Top Down approach

AC develops themes about the market from analysing the global drivers that greatly affect individual share prices that have very little to do with the individual companies themselves. For example, all major banks in Australia have performed well for decades because the political will is to ensure our local banking system is strong. The impact of industrialising China, and more recently the global financial crisis, have likewise had profound effects on particular sectors in the economy. Understanding these top down influences is both a challenge and an opportunity. For example, after some years of high currency the winding down of the mining boom and pressure on government revenues is likely to see the currency gradually weaken, potentially benefiting some sectors and weakening others.

Bottom-up Fundamental Approach to Stock Selection

AC also takes a stock-specific, bottom-up approach to investment selection and does not have a particular style bias. In order to maximise the number of potential investment opportunities the investment universe includes all securities listed, or about to be listed on the Australian Stock Exchange (ASX).

About 70% of investment is directed towards ASX 200 companies, with ASX top 50 companies featuring heavily because of the ability to change positions quickly or use derivative or warrant overlays.

AC's bottom-up approach is overlayed with a strong risk management process which takes into account macro themes and other issues impacting, or likely to influence markets.

Long-Term Investment Focus

AC's preferred investments have the ability to grow earnings or asset values for some years to come, so that even if share markets deteriorate, valuation will eventually prevail.

Residual Cash Holdings

AC's flexible investment mandate extends to the portfolios cash holding, with cash being held until suitably attractive investments are discovered and purchased. There is therefore no specific cash weighting. Investments are made when the reward/risk equation is compelling. As such a portfolio's cash weighting may vary significantly over time, depending upon the number of suitably attractive investment opportunities available and the perceived level of market risk.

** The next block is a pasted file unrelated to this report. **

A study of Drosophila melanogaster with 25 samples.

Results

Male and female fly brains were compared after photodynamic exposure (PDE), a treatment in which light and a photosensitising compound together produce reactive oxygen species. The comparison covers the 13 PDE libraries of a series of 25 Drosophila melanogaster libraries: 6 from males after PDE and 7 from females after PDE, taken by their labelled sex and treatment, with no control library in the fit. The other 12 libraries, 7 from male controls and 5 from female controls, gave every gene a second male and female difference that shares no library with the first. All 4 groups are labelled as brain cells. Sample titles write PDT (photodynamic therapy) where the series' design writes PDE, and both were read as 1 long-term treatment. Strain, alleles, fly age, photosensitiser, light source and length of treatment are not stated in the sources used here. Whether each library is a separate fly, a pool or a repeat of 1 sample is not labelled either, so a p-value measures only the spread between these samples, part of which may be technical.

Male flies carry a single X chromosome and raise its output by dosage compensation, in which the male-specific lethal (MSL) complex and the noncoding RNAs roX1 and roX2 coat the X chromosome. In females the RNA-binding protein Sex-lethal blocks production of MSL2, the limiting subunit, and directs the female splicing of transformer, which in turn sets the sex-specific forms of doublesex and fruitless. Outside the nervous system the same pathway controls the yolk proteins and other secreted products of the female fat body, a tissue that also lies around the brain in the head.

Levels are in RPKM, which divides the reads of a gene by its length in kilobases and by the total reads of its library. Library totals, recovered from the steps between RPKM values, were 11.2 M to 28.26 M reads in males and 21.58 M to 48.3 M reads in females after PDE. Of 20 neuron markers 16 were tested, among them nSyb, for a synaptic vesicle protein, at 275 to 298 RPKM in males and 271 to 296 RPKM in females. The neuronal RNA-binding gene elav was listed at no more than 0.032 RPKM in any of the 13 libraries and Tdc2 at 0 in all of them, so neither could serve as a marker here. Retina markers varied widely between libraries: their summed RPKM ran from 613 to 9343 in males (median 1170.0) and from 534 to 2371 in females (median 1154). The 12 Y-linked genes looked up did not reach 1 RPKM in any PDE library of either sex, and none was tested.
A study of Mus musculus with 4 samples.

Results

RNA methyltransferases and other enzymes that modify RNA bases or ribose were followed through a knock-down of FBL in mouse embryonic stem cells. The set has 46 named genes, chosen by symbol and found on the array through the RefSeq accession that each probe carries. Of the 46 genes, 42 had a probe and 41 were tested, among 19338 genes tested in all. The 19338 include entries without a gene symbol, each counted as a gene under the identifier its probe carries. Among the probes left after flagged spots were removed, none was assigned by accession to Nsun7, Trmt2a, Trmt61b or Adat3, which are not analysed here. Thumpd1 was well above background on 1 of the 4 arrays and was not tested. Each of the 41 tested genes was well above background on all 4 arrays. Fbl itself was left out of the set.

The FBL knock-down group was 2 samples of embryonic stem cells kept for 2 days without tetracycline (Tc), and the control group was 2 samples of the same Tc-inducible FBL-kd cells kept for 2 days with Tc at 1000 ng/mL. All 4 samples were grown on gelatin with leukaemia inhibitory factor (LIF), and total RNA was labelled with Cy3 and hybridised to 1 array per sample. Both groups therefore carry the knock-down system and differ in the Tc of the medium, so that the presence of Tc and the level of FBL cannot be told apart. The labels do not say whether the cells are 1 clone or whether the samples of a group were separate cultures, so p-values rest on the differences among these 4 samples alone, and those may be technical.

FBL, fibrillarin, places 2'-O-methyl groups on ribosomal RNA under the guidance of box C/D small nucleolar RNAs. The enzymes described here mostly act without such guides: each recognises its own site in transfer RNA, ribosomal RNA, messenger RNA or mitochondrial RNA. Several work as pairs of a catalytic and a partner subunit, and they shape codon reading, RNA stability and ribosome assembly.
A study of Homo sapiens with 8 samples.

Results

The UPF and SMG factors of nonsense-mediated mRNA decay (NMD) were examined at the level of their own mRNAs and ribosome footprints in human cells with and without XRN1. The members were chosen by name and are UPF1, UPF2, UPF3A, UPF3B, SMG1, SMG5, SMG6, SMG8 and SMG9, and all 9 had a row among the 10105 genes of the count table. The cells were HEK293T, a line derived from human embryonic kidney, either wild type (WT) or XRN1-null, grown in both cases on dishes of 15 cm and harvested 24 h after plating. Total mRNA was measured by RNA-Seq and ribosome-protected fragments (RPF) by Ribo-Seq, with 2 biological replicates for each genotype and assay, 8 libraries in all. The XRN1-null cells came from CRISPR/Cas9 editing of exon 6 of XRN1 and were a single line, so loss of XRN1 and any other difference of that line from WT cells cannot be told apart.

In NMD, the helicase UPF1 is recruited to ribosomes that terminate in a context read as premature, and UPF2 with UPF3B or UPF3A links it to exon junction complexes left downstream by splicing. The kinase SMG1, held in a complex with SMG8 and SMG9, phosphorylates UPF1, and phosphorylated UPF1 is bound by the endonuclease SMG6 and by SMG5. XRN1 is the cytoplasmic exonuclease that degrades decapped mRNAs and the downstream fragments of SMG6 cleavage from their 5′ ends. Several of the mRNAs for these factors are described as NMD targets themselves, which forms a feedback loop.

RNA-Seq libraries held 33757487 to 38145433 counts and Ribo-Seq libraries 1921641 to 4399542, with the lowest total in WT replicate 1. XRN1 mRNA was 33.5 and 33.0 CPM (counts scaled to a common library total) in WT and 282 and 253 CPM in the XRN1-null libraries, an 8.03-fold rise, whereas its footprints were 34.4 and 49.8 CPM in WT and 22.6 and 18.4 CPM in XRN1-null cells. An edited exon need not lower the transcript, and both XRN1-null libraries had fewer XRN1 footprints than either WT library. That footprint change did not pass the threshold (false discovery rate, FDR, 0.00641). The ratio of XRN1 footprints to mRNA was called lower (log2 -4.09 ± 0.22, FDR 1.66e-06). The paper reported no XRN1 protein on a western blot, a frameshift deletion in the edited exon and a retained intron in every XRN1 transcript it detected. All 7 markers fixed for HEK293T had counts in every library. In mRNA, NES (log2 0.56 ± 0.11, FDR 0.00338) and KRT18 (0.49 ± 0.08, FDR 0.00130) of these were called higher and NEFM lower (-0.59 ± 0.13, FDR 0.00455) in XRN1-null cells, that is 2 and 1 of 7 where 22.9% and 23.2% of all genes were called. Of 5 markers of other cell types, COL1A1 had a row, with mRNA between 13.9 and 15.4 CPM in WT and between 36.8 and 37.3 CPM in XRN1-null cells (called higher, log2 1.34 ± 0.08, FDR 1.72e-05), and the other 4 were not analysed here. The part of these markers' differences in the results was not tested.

Autocratic decision-making

Research into the relationship between investment performance and size of investment team demonstrates, with few exceptions, a strong inverse correlation between the two. In other words, the more internal people helping an investment manager make decisions the more likely it is that performance will suffer. Large investment groups tend to suffer from the problem of what John Maynard Keynes dubbed the "institutional imperative". It's what leads insurance groups all around the world to invariably have their highest proportional exposure to equities at the top of bull markets and their lowest at the bottom (as in 2007 and 2009, 1987 and 2003, 1973 and 1979, 1929 and 1933). The investment decision-making process becomes polluted by the needs of corporate boards, compliance, marketing and trainee research executives that lead inevitably to sub-optimal or sometimes catastrophic asset allocation investment decisions (although perfectly satisfying corporate governance at the time).

In Australia, research evidences that the most likely investment structure to deliver performance is an autocratic one - a highly experienced investment manager with a strong research background (or a small team each with personal responsibility for managing money) who then ruthlessly seek out the best investment ideas from external experts they trust (yes including stockbrokers!) and filter these ideas rather than relying purely on internal researchers or an investment committee meeting periodically.

In Australia as well as elsewhere, the success of boutique investment managers reflects this and the public's recognition. In the USA, Warren Buffett is the world's most successful boutique manager.

Don't get too obsessed with the daily market action

As a generic observation, because stockbrokers are absorbed minute by minute with daily market action they risk losing focus on the strategic intent of a portfolio. Portfolio managers tend to be more strategically oriented, although DMA has blurred the boundaries.

Experience suggests there are benefits in being able to emotionally distance oneself periodically from the marketplace. Geographical distance can help with this emotional distancing. Warren Buffett is based in Omaha Nebraska, just about as far away from the financial capital as is possible in the USA. That has clearly worked for him for several decades. AC is now based in St Huberts Island, under two hours from Sydney. Given modern technology, the same or even better systems are available at the touch of a keyboard.